If there is one thing the vintage cocktail books can agree on, it is that they don’t agree at all!

Writing instructions is tricky business. I can attest to this first hand, having spent many hours trying to describe the way to use our products with accuracy and brevity. With no two brains thinking the same way, it’s tough to interpret things perfectly for everyone.

While logically I totally understand why Leo Cotton’s instructions don’t match other book recipes, it seems odd that they can’t agree on what constitutes a fluid measurement.

 

Cooking is all about individual flavor and experimentation. A pinch of this, a dash of that and an ever changing recipe evolves. I get it. What I don’t get is why each book has a different definition of a measurement size. If a measurement is a measurement, shouldn’t they always be the same?

While food recipes measure in teaspoons, tablespoons, and cups; cocktails have their own special system. Everyone knows a Jigger is 1-1/2 ounces, a Pony should be 1 ounce and so on. That is what I thought too.

Yet, books like ‘Drinks‘ have been messing me up with their descriptions! Today I learned that while I had been led to think a dash was 1/4 tsp, it should really be an eighth… which is it?!

If the numerous sites I referenced today are to be believed, Ryan and I have been using a Tad rather than a Dash.

This “goof” hasn’t made the drinks we’ve tried thus far bad by any means, but it is double what the current measurement standard suggests. I’d assume this quantity increase would change the drinks outcome. I guess we’ll be using 1/8 teaspoon from now on and see how it tastes.

As I mentioned earlier, in addition to the Mr. Boston’s 1935 cocktail book, I’ve been comparing recipes from older publications including Hugo Ensslin’s 1917 ‘Recipes for Mixed Drinks,’ and Jacques Straubs ‘Drinks’ from 1914.

Last week I stumbled onto a Prohibition era book called ‘Here’s How’ by Judge Jr. and over the weekend Alcademics.com pointed out seven books from the 1800’s! It’s enough to make your head spin!!! By the end of this little blog series of mine I might be mixing from 12 or more historical cocktail books at once! YIKES!

Of course the ingredients seem to be changing from recipe to recipe, as do the amount of spirits. One book from 1922 even suggests the “Gill” measurement, WTF? I’ve never heard of such a thing before! Check that off my, learn something new for the day list 🙂

For the curious, a Gill is a teacup unit of measurement equal to a quarter of a pint.

I started this project believing the alcohol “type” would be the trickiest part of the process but I’m starting to learn it’s all about the quantity.

Now that I’ve rambled on, why not chat about the reason you are reading this to begin with… the drinks!

Gin was again on the menu last night. It is a good thing we like this juniper flavored liquor. If we didn’t we’d be sick of it by now for sure!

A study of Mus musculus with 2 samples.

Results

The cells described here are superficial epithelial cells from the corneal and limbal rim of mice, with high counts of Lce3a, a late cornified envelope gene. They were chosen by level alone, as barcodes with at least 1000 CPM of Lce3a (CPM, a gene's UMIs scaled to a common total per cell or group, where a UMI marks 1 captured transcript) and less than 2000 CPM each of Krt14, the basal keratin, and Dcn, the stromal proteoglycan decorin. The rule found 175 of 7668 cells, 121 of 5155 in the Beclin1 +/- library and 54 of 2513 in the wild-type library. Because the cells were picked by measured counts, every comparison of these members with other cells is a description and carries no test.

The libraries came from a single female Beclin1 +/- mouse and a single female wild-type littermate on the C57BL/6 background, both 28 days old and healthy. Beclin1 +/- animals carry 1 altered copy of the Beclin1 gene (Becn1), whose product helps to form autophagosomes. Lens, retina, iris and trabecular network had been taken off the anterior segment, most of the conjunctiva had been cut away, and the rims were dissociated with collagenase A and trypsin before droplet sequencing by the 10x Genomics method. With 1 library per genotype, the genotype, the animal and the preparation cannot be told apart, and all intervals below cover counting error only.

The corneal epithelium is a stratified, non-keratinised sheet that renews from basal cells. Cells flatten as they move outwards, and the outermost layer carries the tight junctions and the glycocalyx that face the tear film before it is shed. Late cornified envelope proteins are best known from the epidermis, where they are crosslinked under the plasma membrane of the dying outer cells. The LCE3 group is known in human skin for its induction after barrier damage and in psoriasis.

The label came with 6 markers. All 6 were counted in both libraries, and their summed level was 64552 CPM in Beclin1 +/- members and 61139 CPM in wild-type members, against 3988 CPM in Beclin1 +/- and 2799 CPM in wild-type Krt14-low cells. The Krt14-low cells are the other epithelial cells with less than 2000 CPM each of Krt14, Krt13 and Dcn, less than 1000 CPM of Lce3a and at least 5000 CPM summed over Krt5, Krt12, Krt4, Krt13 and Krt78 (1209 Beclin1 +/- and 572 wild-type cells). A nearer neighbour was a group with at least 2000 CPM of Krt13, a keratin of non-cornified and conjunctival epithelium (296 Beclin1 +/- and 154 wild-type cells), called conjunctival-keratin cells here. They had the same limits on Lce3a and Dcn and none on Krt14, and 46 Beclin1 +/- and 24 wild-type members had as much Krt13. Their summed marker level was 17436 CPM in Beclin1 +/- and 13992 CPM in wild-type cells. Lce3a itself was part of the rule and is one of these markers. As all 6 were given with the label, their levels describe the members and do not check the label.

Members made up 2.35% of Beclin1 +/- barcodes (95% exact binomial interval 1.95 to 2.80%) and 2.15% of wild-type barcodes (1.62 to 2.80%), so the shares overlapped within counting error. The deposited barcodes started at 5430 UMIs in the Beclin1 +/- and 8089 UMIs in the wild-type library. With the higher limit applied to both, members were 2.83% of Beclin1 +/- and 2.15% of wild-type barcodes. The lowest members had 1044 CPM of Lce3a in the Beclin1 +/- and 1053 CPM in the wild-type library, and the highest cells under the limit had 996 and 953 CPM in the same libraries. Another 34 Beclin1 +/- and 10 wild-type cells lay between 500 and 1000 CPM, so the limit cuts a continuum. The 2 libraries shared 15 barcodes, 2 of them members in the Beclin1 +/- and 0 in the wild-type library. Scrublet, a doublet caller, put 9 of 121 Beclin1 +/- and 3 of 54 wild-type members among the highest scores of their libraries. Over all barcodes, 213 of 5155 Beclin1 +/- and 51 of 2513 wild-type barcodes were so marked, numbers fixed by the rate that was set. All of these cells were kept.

Neither drink was really unique in its ingredients or preparation. However, both were very nice to drink.

The Bennett Cocktail was up first and called for lime juice, Gin, powered sugar and bitters. We have gotten used to up-sizing the vague 1/4, 3/4 annotations and for the Bennett, we decided those fractions were in relation to a Jigger size (1-1/2 ounces). It required math which makes mixing a bit tedious, but to fill a 3 ounce cocktail glass we couldn’t very well take the recipe at face value.

Having discovered our bitter dashes were likely double the intended measure, I feel the Bennett Cocktail was much more aromatic than it should have been. However, we both really enjoyed this cocktail. It could have easily been too tart with the amount of lime juice needed, but the Angostura and Gin botanical’s livened it up while the 1/2 teaspoon of powdered sugar added a hint of sweetness. Personally, I’d prefer a sweeter drink, but Ryan seemed to like it as is.

The Bennett popped up in the same 1922 book that brought me the Gill measurement. I wasn’t able to find it in any of the older sources I’ve been referencing though. Nor could I find any history behind the drink. That makes putting together today’s post a challenge.

A polar opposite to the Bennett, the Bermuda Rose Cocktail was sweet. Maybe even a little too sweet… but I liked it!

As the name suggests, the 1/4 Rose’s Grenadine brightened the cocktail to a rosy pink hue, but it wasn’t so much flavor as to obscure the Gin and Apricot with.

The Bermuda Rose Cocktail

I swear I’ve heard of this drink before but like the Bennett, I couldn’t find any history on it either! Not even a mention in a cocktail book dating before the 1935 Mr. Boston’s recipe we have. At least none that I’ve seen so far.

Having no tidbits to share about this cocktail all I say is this. If you are in the mood for a fruity, sweet drink to take you cares away, you won’t be disappointed in the Bermuda Rose. It is lovely to look at and delicious to taste. Here’s the recipe for your drinking pleasure, Cheers!